This is the tenth and final of a multi-part series.
Source: Rotary Down Under, regional magazine of Australia, March 2020
Meaning – Be part of something bigger
“Act as if what you do makes a difference. It does.”
People who have meaning and purpose in their lives are happier, feel more in control, and get more out of what they do. They also experience less stress, anxiety, and depression. But where do we find meaning and purpose? It might come from doing a job that makes a difference, or religious or spiritual beliefs, or our family. The answers vary for each of us, but they all involve being connected to something bigger.
Five Clubs’ Zeal Creates Business Awards
By Tony Thomas
Rotary Club of Central Melbourne, Victoria
SOMETIMES it takes a push to get Rotary clubs cooperating. Three years ago, Jeff Taylor, of the Rotary Club of Brighton North, Vic, approached Bayside City Council about an excellence-in-business awards program. The council agreed to the proposal in early 2019, providing they teamed up with the other four bayside Rotary clubs and provided them with a good plan.
The Rotary Clubs of Brighton North and Brighton are in District 9800, while the Rotary Clubs of Hampton, Beaumaris and Sandringham are in District 9810. They range from 25 to 100-plus members; about 250 in total.
They all had plenty of their own projects on the go, but cooperate they did! The council gave the green light and provided a handsome grant. The clubs developed the awards website, shared their know-how with the council and found further sponsors.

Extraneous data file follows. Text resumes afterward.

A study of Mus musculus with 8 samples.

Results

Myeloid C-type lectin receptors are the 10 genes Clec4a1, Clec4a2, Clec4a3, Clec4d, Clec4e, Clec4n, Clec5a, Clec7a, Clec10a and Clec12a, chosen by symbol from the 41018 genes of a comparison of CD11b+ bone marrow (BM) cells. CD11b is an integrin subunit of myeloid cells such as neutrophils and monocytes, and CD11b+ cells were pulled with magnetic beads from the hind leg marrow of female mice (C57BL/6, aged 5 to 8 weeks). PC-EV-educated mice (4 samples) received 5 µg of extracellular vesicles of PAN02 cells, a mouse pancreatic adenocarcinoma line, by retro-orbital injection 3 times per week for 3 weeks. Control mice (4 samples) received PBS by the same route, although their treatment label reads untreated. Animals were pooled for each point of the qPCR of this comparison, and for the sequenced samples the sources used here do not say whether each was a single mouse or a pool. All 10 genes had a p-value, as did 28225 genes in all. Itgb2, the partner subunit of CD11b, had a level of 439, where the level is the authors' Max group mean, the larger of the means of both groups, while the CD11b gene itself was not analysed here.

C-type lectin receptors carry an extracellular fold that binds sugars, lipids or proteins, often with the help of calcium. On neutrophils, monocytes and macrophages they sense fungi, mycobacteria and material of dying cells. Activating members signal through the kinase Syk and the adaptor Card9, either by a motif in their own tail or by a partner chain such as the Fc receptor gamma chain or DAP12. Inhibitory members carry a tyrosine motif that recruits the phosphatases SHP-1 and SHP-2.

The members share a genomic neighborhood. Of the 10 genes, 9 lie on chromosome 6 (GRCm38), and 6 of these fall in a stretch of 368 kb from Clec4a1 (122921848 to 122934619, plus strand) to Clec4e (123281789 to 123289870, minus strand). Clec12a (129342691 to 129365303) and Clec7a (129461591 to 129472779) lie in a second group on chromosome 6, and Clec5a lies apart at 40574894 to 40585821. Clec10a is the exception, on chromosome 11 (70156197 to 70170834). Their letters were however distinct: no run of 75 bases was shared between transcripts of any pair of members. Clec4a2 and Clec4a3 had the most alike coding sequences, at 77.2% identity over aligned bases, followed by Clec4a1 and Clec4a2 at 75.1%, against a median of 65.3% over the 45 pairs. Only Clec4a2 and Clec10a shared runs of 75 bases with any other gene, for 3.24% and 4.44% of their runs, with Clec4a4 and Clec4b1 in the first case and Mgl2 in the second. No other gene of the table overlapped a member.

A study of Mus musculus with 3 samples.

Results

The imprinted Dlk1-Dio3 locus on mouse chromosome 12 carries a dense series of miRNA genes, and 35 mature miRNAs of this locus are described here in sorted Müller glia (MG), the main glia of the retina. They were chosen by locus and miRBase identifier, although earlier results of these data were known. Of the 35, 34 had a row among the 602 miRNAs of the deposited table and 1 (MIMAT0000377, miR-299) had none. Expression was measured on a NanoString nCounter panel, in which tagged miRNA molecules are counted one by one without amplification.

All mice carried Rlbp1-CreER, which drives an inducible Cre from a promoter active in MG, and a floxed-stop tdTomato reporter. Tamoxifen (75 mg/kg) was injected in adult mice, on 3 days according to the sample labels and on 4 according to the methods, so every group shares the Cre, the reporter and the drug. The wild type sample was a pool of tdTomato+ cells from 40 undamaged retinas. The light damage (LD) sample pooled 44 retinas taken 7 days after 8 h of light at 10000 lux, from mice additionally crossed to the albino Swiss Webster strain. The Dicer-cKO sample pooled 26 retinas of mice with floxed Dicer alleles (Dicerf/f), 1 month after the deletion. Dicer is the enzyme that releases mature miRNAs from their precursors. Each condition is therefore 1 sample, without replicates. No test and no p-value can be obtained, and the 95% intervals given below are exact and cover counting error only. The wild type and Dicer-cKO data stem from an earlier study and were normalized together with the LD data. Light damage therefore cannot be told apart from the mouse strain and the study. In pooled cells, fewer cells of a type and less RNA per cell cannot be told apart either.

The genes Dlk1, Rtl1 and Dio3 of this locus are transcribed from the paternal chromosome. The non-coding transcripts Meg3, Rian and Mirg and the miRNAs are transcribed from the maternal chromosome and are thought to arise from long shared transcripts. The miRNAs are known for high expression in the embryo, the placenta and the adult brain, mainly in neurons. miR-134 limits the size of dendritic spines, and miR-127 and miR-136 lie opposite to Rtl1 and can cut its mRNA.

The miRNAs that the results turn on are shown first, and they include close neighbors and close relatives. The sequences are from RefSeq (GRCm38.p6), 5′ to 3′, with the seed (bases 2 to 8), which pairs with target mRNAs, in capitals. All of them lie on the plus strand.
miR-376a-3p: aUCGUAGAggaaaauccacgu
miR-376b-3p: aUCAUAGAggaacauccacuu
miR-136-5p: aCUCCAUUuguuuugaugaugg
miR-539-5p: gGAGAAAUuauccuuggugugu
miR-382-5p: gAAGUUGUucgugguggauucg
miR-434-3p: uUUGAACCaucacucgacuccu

On October 3, 2019, winners collected awards at a 250-seat, sold-out formal dinner at Sandringham Yacht Club. Talks are now under way about an annual award.
“Council jumped at the chance to recognise local firms,” said Bayside Mayor Michael Heffernan. “The participation level of 80-plus was incredible.”
Project chair Christine Lindsey, of the Rotary Club of Hampton, is a professional events strategist. “No-one was territorial,” she said. “Brighton North ran the nominations, Brighton ran sponsorships and judging, and Hampton took on overall management, website and legals. Bayside council ran the gala dinner and a Telstra Business Awards judge helped coordinate judging.
“We worked together really well. I hope our project will be an inspiration to other Rotary clubs.”
Bayside’s champion business award went to Prestige Inhome Care, owned and operated by brother and sister team Nick McDonald and Thea McCroary. With an astounding staff of 550, their services help people live independently at home.
“The Rotary awards forced us to think strategically about managing our fast growth,” Nick said.
“Government support for in-home care constantly evolves and Rotary is a good way to get information out to the community,” Thea added.
about managing our fast growth,” Nick said.